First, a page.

A death row inmate whose case led to the U.S. Supreme Court banning execution of the mentally retarded has had his sentence commuted to life in prison.
Circuit Judge Prentis Smiley Jr. commuted the sentence Thursday after finding that prosecutors had failed to turn over potentially favorable evidence to Daryl Atkins' lawyers during his 1998 murder trial.
Atkins, 30, spent a decade on death row after his conviction in the 1996 robbery and murder of Eric Nesbitt, 21, an Air Force mechanic. Atkins was 18 years old at the time of the robbery.
Defense lawyers argued that Atkins should not be executed because he is mentally retarded. The case was appealed to the U.S. Supreme Court, which ruled in 2002 that it was unconstitutional to execute the mentally retarded.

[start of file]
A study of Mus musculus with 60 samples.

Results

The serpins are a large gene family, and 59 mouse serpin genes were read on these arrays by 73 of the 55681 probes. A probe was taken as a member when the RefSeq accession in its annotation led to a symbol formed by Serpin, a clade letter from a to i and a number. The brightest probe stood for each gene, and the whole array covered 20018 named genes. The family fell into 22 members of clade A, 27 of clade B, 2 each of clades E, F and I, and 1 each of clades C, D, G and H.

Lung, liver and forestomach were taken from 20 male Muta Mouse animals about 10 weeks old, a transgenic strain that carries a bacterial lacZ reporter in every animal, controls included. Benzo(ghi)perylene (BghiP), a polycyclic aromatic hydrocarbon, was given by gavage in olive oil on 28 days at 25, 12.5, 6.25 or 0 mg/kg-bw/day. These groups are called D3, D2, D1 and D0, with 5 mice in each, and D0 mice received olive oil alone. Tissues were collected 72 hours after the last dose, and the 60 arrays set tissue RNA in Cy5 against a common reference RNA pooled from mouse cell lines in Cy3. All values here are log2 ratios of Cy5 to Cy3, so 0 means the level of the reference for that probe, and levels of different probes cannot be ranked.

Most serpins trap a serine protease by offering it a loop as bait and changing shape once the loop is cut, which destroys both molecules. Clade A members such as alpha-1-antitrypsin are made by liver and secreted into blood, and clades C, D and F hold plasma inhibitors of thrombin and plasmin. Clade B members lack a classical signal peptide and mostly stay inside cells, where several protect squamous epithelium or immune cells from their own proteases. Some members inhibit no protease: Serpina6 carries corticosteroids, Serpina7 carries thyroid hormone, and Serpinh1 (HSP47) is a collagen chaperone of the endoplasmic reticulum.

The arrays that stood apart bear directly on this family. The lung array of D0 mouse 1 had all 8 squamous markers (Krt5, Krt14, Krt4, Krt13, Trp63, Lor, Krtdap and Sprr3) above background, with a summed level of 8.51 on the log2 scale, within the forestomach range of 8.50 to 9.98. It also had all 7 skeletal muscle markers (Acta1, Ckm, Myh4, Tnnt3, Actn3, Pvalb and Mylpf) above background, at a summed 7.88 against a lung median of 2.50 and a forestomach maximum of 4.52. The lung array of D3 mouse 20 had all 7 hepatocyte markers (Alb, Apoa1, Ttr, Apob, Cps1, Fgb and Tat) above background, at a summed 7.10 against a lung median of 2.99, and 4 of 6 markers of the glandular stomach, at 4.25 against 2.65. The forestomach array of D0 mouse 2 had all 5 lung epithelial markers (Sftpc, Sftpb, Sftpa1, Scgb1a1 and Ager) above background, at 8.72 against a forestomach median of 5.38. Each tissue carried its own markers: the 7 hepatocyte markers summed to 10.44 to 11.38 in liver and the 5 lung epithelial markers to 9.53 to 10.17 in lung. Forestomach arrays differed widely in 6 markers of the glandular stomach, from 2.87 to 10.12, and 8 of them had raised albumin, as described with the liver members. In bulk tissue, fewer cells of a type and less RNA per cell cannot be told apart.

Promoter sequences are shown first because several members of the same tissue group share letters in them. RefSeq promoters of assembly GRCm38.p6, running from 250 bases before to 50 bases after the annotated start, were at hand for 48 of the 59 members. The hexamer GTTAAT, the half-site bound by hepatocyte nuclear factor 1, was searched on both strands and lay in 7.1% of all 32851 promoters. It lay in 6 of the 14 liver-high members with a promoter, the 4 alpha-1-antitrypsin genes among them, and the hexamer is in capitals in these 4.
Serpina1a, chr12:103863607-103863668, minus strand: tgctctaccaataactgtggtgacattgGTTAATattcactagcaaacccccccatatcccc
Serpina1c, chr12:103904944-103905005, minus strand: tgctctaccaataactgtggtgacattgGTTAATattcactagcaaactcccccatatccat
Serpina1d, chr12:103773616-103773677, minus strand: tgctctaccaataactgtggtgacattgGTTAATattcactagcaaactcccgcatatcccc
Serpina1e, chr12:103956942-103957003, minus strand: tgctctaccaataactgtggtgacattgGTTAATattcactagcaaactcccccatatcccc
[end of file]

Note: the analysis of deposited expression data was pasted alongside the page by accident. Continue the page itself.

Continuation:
A new jury decided in 2003 that Atkins wasn't retarded and upheld his original death sentence, but that verdict was overturned because of errors made during the trial. While Atkins was awaiting a new trial on the retardation issue this year, allegations surfaced that prosecutors withheld evidence during the original 1998 trial.
Condition challenged in court
Defense attorneys portrayed Atkins as slow, and his stepsister said that even as a teenager he could not prepare meals or "even clean out his own ears."
Prosecutors said Atkins was a drug user whose poor grades in school stemmed from a bad attitude, not the "significantly subaverage intellectual functioning" that qualifies as mental retardation under state law.
In Virginia, mental retardation is defined as an IQ of 70 or lower before the age of 18 and an inability to function well in society. Atkins scored between 59 and 76 on four IQ tests administered after he was charged in the killing.